TORONTO — It was a memorial fit for a king — a king of chefs, that is. More than 200 people attended the recent memorial of Albert Schnell, who passed away in Toronto on August 23 at the age of 83. The iconic chef touched countless lives and so many of the toques he mentored, worked with and influenced were out in full force to celebrate his life and legacy.
The memorial was held on September 21st, at the Yorkminster Park Baptist Church, a congregation Schnell belonged to for years. The room was awash in chefs wearing their whites to celebrate the life of “Papa Schnell,” who spent 45 years of his 50-year career working for Hilton Hotels — first at the Queen Elizabeth in Montreal and then at the Hilton Hotel in Toronto — in an illustrious career that spanned decades. At the age of 28, Schnell became executive chef of the Queen Elizabeth Hotel; four years later he was appointed corporate executive chef of Hilton Canada, a position he held until his retirement from Hilton in 2000.
Chef John Cirillo, a protégé of Schnell, who worked with him at the Hilton in Toronto, spoke at the memorial, as did iconic chef Anton Mossiman, who flew in from London, England to be a part of it.
“Albert was a true professional who conducted himself well and always treated others with respect, handing out helpful advice to ensure everyone was working at their best. He loved his apprentices and chefs. He was very proud to see them grow in their careers. He kept in contact with most of them over the years. Many of them are here today,” said Cirillo, who replaced Schnell at the Hilton Toronto when he retired.
“I remember our one-on-one conversations that we shared in his office at the end of a busy day. Every time was the same: we would enter the office, shut the door, close the blinds and discuss everything that happened — good or bad. Those conversations made me the person I am today,” said Cirillo, who now runs a Toronto cooking school.
Schnell’s impact was lasting and he touched chefs everywhere. But the common thread, according to chef John Placko “was that he not only positively impacted their culinary careers in ways only Albert could, but he also coached them through tough times, gave them money if they needed it and offered them counsel, which, for some, changed their path in life. Many chefs came to Canada specifically to work for Albert. Many stayed and the country is better off in terms of talent because of him,” said Placko, who added, “Some are teachers passing on the lessons he taught us to the new generation of culinary professionals.”
For many of those chefs, the greatest praise they could offer is “All of us wanted to be like him and always tried to model our future leadership styles after him,” said Placko.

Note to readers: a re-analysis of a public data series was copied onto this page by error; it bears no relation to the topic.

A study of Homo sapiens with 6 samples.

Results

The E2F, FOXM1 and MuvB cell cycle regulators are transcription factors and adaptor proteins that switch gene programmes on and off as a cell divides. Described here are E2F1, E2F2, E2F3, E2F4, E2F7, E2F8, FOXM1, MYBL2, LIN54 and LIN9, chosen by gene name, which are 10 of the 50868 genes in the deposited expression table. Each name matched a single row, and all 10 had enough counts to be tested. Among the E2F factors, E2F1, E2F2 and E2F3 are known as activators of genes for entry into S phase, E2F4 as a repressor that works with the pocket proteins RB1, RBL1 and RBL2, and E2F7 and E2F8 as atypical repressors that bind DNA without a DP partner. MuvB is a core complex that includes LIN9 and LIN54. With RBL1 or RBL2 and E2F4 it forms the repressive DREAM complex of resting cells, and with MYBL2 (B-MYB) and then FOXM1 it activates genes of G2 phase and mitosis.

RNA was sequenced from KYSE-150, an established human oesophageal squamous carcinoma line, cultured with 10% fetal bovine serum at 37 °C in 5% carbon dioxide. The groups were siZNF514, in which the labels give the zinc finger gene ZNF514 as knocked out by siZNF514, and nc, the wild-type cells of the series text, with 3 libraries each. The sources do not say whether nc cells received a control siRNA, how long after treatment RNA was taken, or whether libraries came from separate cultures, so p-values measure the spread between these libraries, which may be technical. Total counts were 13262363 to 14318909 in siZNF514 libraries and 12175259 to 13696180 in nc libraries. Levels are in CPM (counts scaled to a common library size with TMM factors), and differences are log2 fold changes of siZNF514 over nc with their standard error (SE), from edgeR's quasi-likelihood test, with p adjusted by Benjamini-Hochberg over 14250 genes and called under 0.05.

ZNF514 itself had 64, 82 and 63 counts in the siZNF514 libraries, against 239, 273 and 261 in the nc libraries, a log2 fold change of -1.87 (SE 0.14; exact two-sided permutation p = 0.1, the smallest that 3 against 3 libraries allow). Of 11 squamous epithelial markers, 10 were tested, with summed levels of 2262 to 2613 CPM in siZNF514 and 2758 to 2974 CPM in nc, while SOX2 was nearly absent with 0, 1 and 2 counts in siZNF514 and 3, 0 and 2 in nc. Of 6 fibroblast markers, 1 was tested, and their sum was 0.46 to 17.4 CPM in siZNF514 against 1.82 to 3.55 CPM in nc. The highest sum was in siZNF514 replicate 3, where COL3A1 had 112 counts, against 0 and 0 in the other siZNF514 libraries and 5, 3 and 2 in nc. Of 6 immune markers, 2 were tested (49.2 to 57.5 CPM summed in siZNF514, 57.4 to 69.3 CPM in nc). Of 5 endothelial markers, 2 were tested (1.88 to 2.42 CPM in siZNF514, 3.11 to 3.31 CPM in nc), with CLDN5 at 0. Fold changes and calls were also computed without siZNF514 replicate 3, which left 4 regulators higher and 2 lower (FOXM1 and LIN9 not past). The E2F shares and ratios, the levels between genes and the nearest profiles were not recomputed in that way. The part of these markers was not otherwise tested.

As Jason Bangerter, executive chef of Langdon Hall said in an Instagram post: “He was an inspiration to so many and a humble and gentle man. A mentor to culinary stars in Canada and around the world. His professionalism, dedication was extraordinary. His kindness and caring for everyone who worked for him was legendary. Words cannot describe the depth of his many contribution to the hospitality industry globally.”
Born in Zurich on August 9, 1935 Schnell always had a passion for cooking and quickly rose through the ranks to become a world-renowned chef. But, despite the success he garnered, he never lost his humility. He was a true gentle man and the antithesis of the temperamental chef stereotype that has often plagued this industry. He was affectionately referred to as “Papa Schnell” by the myriad chefs who worked with him over the years. He was mentor to chefs in all corners of the world and he maintained and cherished close friendships with them through the years.
Schnell was passionate about the profession of chef and worked to maintain the high standards of international cuisine, receiving many awards for his lifetime commitments to apprenticeship training and excellence in Culinary Arts. He was a member of several culinary organizations including the Escoffier Society of Toronto, the Canadian Culinary Federation and the Toronto chapter of the Les Toques Blanches, of which he was a founding member and its first president.
Chef Schnell leaves his wife Rosmarie, who he was married to for 57 years, his son Andre and daughter Marion. Donations in his memory can be made to Yorkminster Park Baptist Church or to the House of Compassion of Toronto.